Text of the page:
The Magazine

Biomorality

The uses and abuses of science in political life.

Dec 8, 2008, Vol. 14, No. 12 • By STEVEN J. LENZNER

Insofar as "traditional morality" appears to stand in the way of our aspirations for physical well-being and medical progress, it will be under assault. Yet the capacity for unreflective moral intuition (and indignation) is alive and well in certain important realms of American life. Consider higher education. Sad to say, it is precisely in the only institution where untrammeled questioning can do no harm-where it is the indispensable means to its end-that it is least respected. Political correctness employs the means of traditional morality, especially shame, less to silence certain opinions than to make them unthinkable.

The second half of Imagining the Future offers an insightful analysis of our politics in terms of left and right, and their respective attitudes towards science-attitudes which reveal much about our contemporary political ideologies. Levin identifies our two fundamental approaches in terms of a left "anthropology of innovation" and a right "anthropology of generations."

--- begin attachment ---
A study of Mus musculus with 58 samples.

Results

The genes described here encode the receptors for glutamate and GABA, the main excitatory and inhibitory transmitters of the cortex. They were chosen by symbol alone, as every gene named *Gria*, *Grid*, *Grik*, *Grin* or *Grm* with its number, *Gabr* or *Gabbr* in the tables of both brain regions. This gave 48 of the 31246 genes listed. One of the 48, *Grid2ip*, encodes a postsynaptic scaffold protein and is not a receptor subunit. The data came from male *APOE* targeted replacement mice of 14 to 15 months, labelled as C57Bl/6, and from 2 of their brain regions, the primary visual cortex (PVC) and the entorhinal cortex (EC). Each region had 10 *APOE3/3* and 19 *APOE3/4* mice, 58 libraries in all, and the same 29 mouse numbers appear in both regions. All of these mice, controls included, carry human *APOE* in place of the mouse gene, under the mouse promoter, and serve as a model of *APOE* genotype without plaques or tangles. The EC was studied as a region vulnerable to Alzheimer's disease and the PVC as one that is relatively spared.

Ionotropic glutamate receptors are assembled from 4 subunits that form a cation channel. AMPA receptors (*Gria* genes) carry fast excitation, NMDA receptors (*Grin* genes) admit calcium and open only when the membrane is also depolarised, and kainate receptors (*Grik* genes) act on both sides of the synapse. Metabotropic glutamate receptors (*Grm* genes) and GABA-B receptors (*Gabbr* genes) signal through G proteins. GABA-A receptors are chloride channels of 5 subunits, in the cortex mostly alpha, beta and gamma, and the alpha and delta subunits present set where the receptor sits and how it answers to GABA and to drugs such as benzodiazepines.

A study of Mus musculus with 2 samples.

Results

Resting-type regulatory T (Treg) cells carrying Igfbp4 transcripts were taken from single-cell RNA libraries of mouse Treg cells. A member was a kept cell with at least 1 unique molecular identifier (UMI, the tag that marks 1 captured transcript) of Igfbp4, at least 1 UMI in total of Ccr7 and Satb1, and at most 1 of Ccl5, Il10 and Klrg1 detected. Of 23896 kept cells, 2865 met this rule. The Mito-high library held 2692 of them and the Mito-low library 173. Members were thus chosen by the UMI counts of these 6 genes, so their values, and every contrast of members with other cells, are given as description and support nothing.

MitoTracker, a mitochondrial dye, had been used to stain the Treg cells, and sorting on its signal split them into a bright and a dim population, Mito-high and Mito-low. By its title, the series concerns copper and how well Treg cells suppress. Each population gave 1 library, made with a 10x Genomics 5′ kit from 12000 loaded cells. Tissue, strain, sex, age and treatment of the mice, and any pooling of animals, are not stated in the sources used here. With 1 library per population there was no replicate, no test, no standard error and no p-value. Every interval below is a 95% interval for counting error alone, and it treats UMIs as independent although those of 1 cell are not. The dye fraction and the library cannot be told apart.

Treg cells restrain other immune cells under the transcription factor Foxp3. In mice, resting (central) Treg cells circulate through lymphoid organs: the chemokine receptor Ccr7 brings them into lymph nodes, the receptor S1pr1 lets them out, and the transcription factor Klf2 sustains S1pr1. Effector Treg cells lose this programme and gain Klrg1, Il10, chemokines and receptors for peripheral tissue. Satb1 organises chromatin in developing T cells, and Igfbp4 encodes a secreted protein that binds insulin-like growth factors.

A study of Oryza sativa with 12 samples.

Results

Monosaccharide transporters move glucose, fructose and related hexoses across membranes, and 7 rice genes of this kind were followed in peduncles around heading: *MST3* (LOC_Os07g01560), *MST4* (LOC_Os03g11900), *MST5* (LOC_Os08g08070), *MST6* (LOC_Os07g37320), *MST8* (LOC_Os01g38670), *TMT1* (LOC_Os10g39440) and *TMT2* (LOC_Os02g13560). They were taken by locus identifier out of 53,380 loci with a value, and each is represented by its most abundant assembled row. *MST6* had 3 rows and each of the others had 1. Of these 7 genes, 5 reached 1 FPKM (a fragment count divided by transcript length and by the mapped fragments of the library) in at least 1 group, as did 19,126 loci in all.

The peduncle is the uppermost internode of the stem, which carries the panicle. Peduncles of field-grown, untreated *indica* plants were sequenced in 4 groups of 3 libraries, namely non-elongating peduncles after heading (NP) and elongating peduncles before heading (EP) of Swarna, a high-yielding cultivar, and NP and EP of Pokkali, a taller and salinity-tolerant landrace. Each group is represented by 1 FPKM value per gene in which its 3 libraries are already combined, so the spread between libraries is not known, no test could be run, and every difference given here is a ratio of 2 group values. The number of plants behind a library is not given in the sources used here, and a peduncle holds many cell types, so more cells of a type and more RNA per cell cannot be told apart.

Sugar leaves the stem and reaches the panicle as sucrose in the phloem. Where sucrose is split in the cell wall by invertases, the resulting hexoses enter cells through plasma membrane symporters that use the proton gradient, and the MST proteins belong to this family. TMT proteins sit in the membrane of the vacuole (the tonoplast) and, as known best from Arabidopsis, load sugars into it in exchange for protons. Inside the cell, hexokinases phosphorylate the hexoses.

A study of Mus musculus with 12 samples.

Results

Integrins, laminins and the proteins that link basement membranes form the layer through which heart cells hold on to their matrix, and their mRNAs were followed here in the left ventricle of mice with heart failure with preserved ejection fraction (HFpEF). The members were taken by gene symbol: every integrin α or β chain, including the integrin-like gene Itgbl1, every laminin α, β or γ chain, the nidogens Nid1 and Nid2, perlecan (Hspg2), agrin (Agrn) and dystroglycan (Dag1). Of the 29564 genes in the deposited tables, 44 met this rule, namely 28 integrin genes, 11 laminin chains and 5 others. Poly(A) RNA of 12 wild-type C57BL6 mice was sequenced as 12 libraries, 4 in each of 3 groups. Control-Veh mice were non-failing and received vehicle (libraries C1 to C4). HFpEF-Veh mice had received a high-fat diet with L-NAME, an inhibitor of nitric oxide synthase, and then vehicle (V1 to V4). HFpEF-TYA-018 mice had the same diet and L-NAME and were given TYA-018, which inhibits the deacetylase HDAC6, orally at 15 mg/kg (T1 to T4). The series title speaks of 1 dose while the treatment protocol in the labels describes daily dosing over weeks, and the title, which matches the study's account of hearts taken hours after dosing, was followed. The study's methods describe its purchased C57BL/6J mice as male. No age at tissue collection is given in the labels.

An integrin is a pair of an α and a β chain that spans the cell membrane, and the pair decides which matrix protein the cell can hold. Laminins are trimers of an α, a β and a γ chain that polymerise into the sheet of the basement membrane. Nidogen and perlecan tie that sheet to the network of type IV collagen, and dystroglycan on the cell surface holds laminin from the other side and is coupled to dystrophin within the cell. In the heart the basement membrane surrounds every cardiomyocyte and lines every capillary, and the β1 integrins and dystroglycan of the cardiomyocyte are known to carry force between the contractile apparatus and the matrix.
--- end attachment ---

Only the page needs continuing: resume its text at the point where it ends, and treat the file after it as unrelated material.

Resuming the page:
The anthropology of innovation is hopeful and discontent, animated by a belief that things here and now can always be better, and it views its task as ushering in that change, often hand-in-hand with modern science. The anthropology of innovation views the individual and his idiosyncratic aims-whether the "pursuit of happiness" or a quest for self-actualization-as primary. Levin notes a burgeoning tension between the left's desire to use science aggressively to improve human life and its simultaneous embrace of environmentalism, which refuses to "privilege" human life and sometimes betrays an antipathy to it.

The anthropology of generations is more resigned, content, and cautious; it appreciates the society it has inherited and is mindful of its responsibility to pass the riches to future generations. Though not hostile to science, the right views it more skeptically and worries about its capacity to undermine those institutions conservatives wish to preserve. According to Levin, this skepticism extends to reason itself, and accounts for the right's affinity for tradition. For the political right, the family-along with the conditions that allow it to thrive-is fundamental.

Steven J. Lenzner is a research fellow in political philosophy at the Henry Salvatori Center of Claremont McKenna College.